Why Peggy Guggenheim’s heirs should keep their hands off her collection


Think of a modern art museum, almost any modern art museum. What words come to mind? Is it thrilling, daunting, provocative? Does it hum with the shock of the new?

Two of the words you would probably be least likely to use for the majority of modern art collections are “charming” and “intimate”. Yet those are the words I was cooing when I recently revisited the Peggy Guggenheim Collection in Venice.

It’s a shame some of her heirs don’t agree. In a frankly mystifying legal action, one of Peggy Guggenheim’s grandsons is trying to get a court to order the Guggenheim Foundation to restore the Palazzo Venier dei Leoni, where she lived and where her art collection is on permanent display, to its intended appearance and purpose. He and other heirs claim their grandmother’s wishes have been betrayed, her collection diluted and that even her grave in the garden is being “desecrated”.

What a load of nonsense. The Peggy Guggenheim Collection is a pearl, a joy, a magic place. It brings modernist art from the 1900s to 1950s, from Cubism to Jackson Pollock, to life in a unique way. It is, in fact, the best place in Europe to fall in love with that golden age of modern art. To feel it like this, you usually have to go to New York. The presence of Guggenheim herself pervades the house. One moment you are looking at Max Ernst’s formidable erotic painting The Antipope, with its nightmarish fantasy scene that alludes to a love triangle involving her, Ernst and Leonora Carrington. The next you are contemplating Peggy’s dreamy silver bedhead, created by the American surrealist Alexander Calder.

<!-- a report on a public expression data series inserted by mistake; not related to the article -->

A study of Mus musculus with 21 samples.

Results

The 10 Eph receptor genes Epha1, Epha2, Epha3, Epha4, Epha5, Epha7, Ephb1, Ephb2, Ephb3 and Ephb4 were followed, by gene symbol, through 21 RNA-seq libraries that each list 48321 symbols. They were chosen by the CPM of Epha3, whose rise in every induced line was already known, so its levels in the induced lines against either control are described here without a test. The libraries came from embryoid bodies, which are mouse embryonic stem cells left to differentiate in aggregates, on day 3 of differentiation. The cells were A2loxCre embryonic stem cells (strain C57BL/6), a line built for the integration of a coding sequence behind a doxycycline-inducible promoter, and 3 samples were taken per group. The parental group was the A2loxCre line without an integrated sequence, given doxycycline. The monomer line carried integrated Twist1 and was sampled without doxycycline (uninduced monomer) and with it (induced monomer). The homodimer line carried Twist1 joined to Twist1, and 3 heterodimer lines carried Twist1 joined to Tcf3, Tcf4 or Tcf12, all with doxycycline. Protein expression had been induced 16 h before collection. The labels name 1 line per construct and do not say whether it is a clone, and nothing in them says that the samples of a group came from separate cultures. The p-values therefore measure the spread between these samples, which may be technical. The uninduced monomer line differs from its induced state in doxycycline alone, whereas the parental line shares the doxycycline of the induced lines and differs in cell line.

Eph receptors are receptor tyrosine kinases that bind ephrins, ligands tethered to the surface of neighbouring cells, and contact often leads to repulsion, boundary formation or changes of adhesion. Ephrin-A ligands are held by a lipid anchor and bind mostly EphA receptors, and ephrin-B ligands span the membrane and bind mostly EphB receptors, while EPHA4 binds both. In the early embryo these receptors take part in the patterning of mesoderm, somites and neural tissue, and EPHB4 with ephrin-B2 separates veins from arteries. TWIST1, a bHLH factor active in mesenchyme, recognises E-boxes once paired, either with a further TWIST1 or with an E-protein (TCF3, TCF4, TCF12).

Guggenheim was a truly great art collector and promoter. Her gallery, Art of This Century, which she opened in 1940s New York, helped kickstart America’s leap into abstract painting. Her patronage of Jackson Pollock sent that revolution into overdrive. But her (brief) marriage to Ernst and a splurge of collecting in Nazi-occupied Europe also filled her collection with European masterpieces, especially Surrealist ones. All this is very visible at the Peggy Guggenheim Collection – whatever may be added from time to time, there’s no doubt her spirit and tastes fill it.

Nowhere else can you be enraptured by Joseph Cornell’s dream objects, Marcel Duchamp’s Sad Young Man on a Train, Picabia’s Very Rare Picture on the Earth and Pollock’s Alchemy, then sip an ombra and visit the nearby Salute church. The Guggenheim has become part of Venice, a fairytale marriage of new and old.

All museums change over time, and the Peggy Guggenheim Collection is part of what has become a global brand, with sister museums across the continents. But it has not betrayed the woman whose warm vision of art makes it so beguiling and joyous. This is a miraculous place. Leave it alone to go on being wonderful.